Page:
Even though a record crowd watched Exaggerator upset Kentucky Derby winner Nyquist on a sloppy track at the 141st Preakness Stakes, tragedy tainted the day as two horses died in earlier races at Pimlico during Maryland horse racing's marquee event.
Homeboykris, a Maryland-bred 9-year-old gelding, collapsed after winning the first race of the day and getting his picture taken in the winner's circle. Preliminary reports suggest the horse may have died from a heart attack but a necropsy is pending.
Then in the fourth race, a 4-year-old filly named Pramedya broke a leg on the last turn and was euthanized on the track. Her jockey, Daniel Centeno, was thrown and then taken to Sinai Hospital where he is being treated for a broken right clavicle.
Coincidentally, Pramedya was owned by the same people as Barbaro, the 2006 Kentucky Derby winner who suffered a similar injury in that year's Preakness and was ultimately euthanized.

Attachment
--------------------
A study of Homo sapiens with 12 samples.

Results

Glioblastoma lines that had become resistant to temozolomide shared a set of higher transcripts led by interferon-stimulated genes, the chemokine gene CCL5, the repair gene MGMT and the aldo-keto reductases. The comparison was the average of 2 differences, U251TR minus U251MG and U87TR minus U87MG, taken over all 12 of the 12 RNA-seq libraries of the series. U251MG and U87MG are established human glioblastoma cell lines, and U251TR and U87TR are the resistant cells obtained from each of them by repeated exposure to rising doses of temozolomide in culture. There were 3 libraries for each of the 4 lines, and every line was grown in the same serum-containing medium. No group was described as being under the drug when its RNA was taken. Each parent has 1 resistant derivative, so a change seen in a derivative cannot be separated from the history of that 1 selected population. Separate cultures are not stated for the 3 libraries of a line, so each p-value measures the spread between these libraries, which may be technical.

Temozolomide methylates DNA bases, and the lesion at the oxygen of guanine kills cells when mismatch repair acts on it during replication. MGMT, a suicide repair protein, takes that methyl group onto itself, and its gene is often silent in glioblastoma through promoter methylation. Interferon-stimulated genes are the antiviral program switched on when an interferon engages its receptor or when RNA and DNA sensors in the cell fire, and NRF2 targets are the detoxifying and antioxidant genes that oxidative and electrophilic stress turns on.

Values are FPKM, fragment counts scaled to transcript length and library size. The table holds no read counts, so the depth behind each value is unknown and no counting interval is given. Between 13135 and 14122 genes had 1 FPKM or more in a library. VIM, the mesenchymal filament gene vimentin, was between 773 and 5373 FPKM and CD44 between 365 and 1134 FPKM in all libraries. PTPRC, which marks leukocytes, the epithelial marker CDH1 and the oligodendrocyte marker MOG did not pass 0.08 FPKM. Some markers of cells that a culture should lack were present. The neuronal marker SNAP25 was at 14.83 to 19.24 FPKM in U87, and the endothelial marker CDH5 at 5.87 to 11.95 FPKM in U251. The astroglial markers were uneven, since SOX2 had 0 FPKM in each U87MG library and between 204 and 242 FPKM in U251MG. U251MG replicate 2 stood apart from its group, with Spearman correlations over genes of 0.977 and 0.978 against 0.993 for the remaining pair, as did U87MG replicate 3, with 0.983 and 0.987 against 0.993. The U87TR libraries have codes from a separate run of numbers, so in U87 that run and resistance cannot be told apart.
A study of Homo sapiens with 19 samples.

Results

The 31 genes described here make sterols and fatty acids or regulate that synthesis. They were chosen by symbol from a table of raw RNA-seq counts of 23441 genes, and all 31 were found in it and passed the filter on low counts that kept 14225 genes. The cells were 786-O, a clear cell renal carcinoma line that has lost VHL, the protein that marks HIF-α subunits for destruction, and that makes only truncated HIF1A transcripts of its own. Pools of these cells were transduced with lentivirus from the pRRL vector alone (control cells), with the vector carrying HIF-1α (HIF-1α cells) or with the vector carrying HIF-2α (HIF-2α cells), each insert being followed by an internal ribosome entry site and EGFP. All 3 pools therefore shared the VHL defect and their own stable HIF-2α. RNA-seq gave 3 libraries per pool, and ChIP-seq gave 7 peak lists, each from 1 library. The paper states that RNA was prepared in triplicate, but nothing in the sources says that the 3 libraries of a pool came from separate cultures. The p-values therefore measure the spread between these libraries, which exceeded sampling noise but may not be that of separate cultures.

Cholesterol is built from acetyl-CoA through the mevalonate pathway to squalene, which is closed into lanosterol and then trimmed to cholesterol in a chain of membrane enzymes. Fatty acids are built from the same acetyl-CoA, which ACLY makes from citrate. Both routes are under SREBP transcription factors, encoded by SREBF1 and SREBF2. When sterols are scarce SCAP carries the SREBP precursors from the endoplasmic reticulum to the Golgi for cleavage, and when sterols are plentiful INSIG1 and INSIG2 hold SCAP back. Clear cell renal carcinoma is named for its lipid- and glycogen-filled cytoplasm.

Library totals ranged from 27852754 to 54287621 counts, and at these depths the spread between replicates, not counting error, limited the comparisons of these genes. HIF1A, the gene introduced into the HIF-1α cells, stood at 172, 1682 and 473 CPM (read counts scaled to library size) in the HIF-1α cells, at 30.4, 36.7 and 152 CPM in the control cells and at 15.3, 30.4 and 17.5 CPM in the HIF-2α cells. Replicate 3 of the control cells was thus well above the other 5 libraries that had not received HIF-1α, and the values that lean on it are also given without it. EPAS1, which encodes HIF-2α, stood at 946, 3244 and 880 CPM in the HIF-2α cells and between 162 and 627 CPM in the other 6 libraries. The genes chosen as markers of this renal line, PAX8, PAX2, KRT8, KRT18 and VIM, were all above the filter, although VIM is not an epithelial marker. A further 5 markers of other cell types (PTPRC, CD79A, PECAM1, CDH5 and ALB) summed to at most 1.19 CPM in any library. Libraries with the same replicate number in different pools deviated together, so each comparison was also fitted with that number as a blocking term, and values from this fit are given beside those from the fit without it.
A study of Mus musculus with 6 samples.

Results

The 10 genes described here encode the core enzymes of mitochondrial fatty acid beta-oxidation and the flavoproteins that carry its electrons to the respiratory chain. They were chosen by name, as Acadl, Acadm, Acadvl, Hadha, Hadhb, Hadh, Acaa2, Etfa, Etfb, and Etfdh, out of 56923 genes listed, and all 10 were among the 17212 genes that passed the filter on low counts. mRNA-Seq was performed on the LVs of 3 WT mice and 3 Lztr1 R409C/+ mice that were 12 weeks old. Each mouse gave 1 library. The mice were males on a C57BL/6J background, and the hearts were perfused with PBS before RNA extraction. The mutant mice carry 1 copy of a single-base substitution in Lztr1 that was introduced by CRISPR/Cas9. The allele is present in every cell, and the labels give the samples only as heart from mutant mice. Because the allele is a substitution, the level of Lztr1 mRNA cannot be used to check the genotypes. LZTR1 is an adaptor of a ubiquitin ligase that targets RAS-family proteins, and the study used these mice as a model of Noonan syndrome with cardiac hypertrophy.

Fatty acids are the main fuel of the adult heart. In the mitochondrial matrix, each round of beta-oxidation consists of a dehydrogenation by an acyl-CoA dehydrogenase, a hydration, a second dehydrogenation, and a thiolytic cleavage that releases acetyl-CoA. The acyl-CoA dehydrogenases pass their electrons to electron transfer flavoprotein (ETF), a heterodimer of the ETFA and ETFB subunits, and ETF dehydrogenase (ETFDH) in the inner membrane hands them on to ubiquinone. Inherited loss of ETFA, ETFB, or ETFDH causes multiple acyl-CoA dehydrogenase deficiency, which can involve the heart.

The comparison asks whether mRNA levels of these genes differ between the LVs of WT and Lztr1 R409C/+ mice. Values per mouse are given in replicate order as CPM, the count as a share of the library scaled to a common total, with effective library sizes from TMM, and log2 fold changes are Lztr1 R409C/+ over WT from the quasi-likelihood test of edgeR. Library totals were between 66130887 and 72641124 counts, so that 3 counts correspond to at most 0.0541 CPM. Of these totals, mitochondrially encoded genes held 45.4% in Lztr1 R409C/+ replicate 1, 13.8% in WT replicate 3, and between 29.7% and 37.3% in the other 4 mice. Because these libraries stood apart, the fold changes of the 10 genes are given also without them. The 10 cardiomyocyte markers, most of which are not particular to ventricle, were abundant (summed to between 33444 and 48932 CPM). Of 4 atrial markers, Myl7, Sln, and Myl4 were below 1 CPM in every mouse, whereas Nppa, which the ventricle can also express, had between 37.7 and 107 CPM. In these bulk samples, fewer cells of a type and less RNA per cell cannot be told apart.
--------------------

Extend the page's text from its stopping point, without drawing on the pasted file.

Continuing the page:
The deaths highlight the inherent danger of horse racing, a danger even some fans feel is too high a price to pay for sport.
One website that tracks racehorse deaths in Britain counts 64 fatalities already this year. In America, The Jockey Club maintains an Equine Injury Database in which Pimlico recorded seven track deaths in 2015.
According to statements made by Maryland Jockey Club president Sal Sinatra in The Sun, today's are the first two deaths at the race course this year.
"It's deflating. . . . You try to figure it out, go through so many steps to make sure the horses are OK. . . . Things do happen," Sinatra told The Sun.
Neither horse death was announced to the record crowd of 135,256 spectators, which included actor Josh Charles, quarterback Tony Romo, and rapper 50 Cent.
Still, despite the tragedy and the muddy track, the Preakness was run with rivals Nyquist and Exaggerator facing off for the fifth time. But this time, unlike the previous four match ups, Exaggerator came out ahead after a strong stretch run past a flagging Nyquist. Cherry Wine finished second, nosing out Nyquist at the finish line and relegating the previously unbeaten colt to third.